Hunters are fortunate to know intimately the gratification of providing food for our tables. Satisfaction is found in providing for others.
For most, this satisfaction begins and ends with one’s own family and friends.
Thanks to the Department of Natural Resources Division of Law Enforcement’s Sportsman’s Benevolence Fund, donating venison is easier than you might believe.
Most hunters appreciate challenges, so here’s a motivator: I challenge you to harvest a deer and donate it this season.
Sounds simple, but let’s see if you can follow through.
The process couldn’t be easier. Kill a deer, field-dress it and drop it off at the nearest participating processor. It’s that simple.
There is no cost to you. The Sportsman’s Benevolence Fund covers the expense.
“This program provides an opportunity for our hunters to demonstrate their concern for their fellow man, allows the DNR another management tool for our deer population and provides nutritious meals to those in need,” said Indiana Conservation Officer Lt. Col. Steve Hunter. “It is a triple-win situation.”
I don’t know what it feels like to be really hungry. I mean, I’ve had to wait for a meal before, but I’ve never known hunger mixed with the fear of not knowing where my next meal is going to come from.
I’m willing to bet you haven’t, either. Can you imagine? It’s horribly sad to imagine.
So collectively, we hunters have an opportunity to help eliminate hunger and fear. We are fortunate for this gift of giving.
“Protein is the hardest commodity for the food banks to get,” said Debra Treesh, founder of Hoosiers Feeding the Hungry. “Thanks to contributions by Indiana DNR Law Enforcement and deer hunters, we will be able to provide nutritious protein to hunger relief agencies in Indiana.”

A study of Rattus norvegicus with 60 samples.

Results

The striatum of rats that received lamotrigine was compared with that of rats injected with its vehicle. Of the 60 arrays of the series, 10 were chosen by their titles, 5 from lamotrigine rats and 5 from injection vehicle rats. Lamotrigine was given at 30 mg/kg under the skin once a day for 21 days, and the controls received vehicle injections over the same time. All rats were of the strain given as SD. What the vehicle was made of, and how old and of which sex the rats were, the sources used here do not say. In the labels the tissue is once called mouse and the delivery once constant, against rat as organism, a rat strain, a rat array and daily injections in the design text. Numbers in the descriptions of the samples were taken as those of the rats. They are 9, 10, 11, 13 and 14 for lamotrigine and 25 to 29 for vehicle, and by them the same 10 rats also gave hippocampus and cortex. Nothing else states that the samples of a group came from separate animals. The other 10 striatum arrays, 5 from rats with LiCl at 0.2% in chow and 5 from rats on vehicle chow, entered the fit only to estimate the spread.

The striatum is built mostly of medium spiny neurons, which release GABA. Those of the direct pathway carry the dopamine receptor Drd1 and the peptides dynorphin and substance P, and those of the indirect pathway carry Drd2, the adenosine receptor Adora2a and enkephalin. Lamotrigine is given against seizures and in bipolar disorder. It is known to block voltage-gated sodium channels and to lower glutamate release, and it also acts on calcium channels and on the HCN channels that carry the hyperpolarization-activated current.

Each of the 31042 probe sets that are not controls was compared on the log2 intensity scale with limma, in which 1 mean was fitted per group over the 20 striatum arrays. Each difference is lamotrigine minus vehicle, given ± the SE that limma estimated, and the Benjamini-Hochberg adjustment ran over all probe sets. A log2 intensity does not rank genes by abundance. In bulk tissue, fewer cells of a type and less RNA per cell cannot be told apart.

Finding a processor is not a problem. Just go on the DNR website (in.gov/dnr/lawenfor/3987.htm) and search by county and city for participating processors.
Hoosiers Feeding the Hungry, Feeding Indiana’s Hungry and the Dubois County Sportsmen’s Club developed the network of participating processors, and they have coordinated with food banks serving every Indiana county to pick up and deliver the venison to soup kitchens as ground burger in two-pound packages.
“Fighting against hunger in Indiana is a concern for us all, and it makes me proud that the DNR and the outdoorsmen and outdoorswomen of our state can work together to overcome this need,” DNR Director Cameron Clark said.
As the holidays bear down on us, we begin to see the superficial exploits of consumerism flourish. I won’t throw the first stone, because I, too, am at times guilty of losing sight of the reason for the season, but I can honestly tell you this, I’m going to try to donate a deer this year.
I’ll buy an extra antlerless permit and will do my best to fill it with a big doe, and then I’ll take it to a processor who will work to turn it into nourishment for the bodies of others.
All I hope is that they know a hunter provided for their table. Perhaps you’ll do the same.
See you down the trail.
Brandon Butler’s outdoors columns appear Saturdays. Send comments to email@example.com.